Global insurance premiums exceed £4tn

Global insurance premiums topped £4trn for first time ever in 2018 – a figure equivalent to more than 6% of global GDP and buoyed mainly by growth in non-life. And, according to analysts at Swiss Re, both life and non-life premiums look set to grow around 3% in real terms over 2019/20, based on strength in emerging markets across both sectors and solid growth in non-life in advanced markets.

Group chief economist at Swiss Re, Jérôme Jean Haegeli said the figures show that the role of the insurance industry as a long-term investor is becoming ever more important.

"Global direct premiums written were equivalent to more than 6% of world GDP in 2018, underlining the very significant role insurance plays in supporting sustainable development and global resilience,” he explained.

The US remains the world’s largest insurance market, followed by China and Japan as the ongoing shift east continues. By 2029, Swiss Re predicts Asia-Pacific will account for 42% of global premiums – China’s share forecast to be 20%, with the country on course to become the largest insurance market by mid-2030s.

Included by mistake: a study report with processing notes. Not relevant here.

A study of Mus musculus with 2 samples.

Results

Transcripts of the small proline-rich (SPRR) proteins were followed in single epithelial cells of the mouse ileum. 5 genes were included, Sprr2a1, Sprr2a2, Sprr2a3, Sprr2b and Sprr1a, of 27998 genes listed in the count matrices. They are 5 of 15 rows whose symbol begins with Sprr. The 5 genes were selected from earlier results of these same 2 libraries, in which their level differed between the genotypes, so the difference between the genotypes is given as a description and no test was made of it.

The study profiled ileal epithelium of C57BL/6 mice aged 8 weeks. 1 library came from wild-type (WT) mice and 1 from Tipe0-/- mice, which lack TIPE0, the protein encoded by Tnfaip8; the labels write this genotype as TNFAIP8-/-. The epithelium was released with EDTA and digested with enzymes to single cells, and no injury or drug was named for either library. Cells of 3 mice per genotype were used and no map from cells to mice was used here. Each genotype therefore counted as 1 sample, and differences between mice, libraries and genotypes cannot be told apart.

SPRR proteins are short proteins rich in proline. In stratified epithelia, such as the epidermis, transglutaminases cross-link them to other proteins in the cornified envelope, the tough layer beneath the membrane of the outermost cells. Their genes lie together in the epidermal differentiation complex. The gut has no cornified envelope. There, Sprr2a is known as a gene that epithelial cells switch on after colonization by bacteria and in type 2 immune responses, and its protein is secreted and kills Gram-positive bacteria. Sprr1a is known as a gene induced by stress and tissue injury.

Haegeli is encouraged by the outlook. "While global economic growth is slowing, we expect insurance demand to hold up over the next two years, and China will be the main contributor to premium volume gains in both the life and non-life sectors," he said.

Emerging Asia will be the world's fastest growing region, with strong demand for health, liability and agriculture covers. The non-life sectors in the Middle East, Africa and Latin America will recover as economies in those regions strengthen.

Non-life premiums in the advanced markets will grow by 1.8%, slower than in 2018 but above the historic average of 1.1%, according to Swiss Re's data. It bases this forecast on still solid premium growth expectations in the US and Canada, with premium rate increases lending support. Profitability in non-life insurance overall will remain under pressure.

Looking ahead, the insurance giant says the non-life sector faces a "fundamental structural shift over the next decades", with a possible decline in premiums from currently dominant motor cover – the potential decline is expected to result from advanced driver-assistance systems and self-driving car technologies.